Toxic loans, private debt an obstacle to growth

3 mins read

Cyprus is still experiencing excessive macroeconomic imbalances, involving a very high share of non-performing loans burdening banks and high private, government, and external debt, the European Commission said Wednesday.

This view is expressed in the Cyprus chapter of the “alert Mechanism Report for 2021”, prepared by the Commission for the prevention and correction of macroeconomic imbalances.

According to the report, the updated scoreboard including figures until 2019, the current account deficit, the net international investment position (NIIP), private sector debt and the government debt ratio indicators are beyond the indicative threshold.

Beyond warranted policies to address the pandemic, actions taken in 2020 to address imbalances relate to the justice system, public administration, local government and access to finance.

Real GDP growth is forecast to fall substantially as a result of the COVID-19 crisis, from 3.1% in 2019 to -6.2% in 2020.

Real growth is forecast at 3.7% in 2021, leaving the nominal GDP level 0.7% lower than in 2019.

“External vulnerabilities remain a concern, as the NIIP is significantly negative, despite improvement in 2019 and that a large part reflects activities of special purpose entities,” said the report.

The current account showed a large deficit of 6.3 % of GDP in 2019, and it is expected to deteriorate sharply in 2020 with a sharp drop in tourism.

The corporate debt ratio continued to decrease in 2019 although remaining elevated. The non-financial corporations deleveraged faster than households did.

Household debt stood at about 90% of GDP in 2019, above prudential thresholds.

In 2020, private sector debt ratios are expected to increase due to the decline in nominal GDP and the loan moratoria. The downward trend is expected to resume in 2021.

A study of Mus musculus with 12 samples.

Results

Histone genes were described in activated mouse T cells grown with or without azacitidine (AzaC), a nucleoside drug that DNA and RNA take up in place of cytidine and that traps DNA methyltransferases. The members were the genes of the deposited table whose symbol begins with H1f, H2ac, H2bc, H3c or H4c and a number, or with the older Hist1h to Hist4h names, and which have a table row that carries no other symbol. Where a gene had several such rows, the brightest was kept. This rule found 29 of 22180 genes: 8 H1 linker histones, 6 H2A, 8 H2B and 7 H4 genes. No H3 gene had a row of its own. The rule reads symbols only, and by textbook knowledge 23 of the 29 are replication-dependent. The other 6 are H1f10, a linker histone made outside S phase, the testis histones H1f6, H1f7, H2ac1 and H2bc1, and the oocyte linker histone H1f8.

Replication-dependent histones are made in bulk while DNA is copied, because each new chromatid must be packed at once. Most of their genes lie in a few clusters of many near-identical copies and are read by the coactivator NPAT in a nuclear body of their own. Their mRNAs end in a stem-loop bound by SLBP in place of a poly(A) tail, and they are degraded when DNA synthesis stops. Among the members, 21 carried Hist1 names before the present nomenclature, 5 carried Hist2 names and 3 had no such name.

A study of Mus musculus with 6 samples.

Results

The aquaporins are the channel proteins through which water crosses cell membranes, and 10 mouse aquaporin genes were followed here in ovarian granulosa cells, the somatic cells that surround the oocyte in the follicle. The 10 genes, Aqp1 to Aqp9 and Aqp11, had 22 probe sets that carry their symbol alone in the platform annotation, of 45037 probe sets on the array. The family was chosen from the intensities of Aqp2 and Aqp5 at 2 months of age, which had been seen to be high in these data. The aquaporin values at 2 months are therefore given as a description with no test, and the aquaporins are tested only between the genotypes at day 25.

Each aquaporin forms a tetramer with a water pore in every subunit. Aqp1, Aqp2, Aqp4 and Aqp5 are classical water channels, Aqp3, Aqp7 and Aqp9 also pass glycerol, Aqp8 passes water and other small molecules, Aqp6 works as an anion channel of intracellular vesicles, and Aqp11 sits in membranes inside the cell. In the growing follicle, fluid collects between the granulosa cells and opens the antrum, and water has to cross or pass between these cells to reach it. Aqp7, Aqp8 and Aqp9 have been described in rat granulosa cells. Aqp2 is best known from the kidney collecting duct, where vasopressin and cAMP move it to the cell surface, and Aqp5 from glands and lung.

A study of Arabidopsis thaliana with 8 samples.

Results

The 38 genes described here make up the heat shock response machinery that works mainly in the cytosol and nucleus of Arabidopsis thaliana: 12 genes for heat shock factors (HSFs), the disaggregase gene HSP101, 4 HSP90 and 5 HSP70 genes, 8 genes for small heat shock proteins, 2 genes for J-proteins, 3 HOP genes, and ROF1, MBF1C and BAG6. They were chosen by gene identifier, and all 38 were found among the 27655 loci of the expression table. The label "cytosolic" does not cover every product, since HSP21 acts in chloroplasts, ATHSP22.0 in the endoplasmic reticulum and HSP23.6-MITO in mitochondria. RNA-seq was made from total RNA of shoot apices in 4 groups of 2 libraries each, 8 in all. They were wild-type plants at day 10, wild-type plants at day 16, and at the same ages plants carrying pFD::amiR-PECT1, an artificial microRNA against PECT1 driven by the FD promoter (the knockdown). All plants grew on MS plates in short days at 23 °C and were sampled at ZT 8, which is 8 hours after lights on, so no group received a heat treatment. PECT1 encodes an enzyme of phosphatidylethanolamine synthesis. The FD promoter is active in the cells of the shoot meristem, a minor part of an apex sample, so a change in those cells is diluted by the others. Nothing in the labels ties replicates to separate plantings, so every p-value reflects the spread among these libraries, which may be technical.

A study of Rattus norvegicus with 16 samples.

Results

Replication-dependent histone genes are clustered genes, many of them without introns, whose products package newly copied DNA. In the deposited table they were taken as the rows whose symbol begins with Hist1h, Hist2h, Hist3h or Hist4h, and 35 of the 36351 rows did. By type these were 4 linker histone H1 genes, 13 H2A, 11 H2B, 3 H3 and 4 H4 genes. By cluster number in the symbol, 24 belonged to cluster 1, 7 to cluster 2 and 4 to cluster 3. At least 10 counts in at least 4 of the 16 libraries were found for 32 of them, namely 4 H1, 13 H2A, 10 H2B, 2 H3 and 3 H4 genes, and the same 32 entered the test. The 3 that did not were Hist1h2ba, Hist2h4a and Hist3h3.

While the government debt to GDP ratio declined in 2019, it is forecast to rise by broadly 20 pps in 2020, reaching close to 113% of GDP given the fiscal support measures, additional bond issuance and GDP contraction.

“The stability of the banking sector improved in recent years with marked declines in NPLs over 2018-2019,” said the Commission.

“In 2020, increases in the NPL ratio has been limited given asset sales and write-offs but it may increase more in 2021 with the lifting of the moratoria on debt repayments.”

The EC notes that Cyprus entered the COVID-19 crisis with vulnerabilities linked to the external private sector and government debt and high non-performing loans, in a context of moderate potential growth.

“With the COVID-19 crisis, the current account deficit has deteriorated, the debt ratios have increased while banks’ non-performing loans deleveraging has slowed down.”

“Overall, the Commission finds it opportune, also taking into account the identification of an excessive imbalance in February, to examine further the persistence of macroeconomic risks and to monitor progress in the unwinding of excessive imbalances.”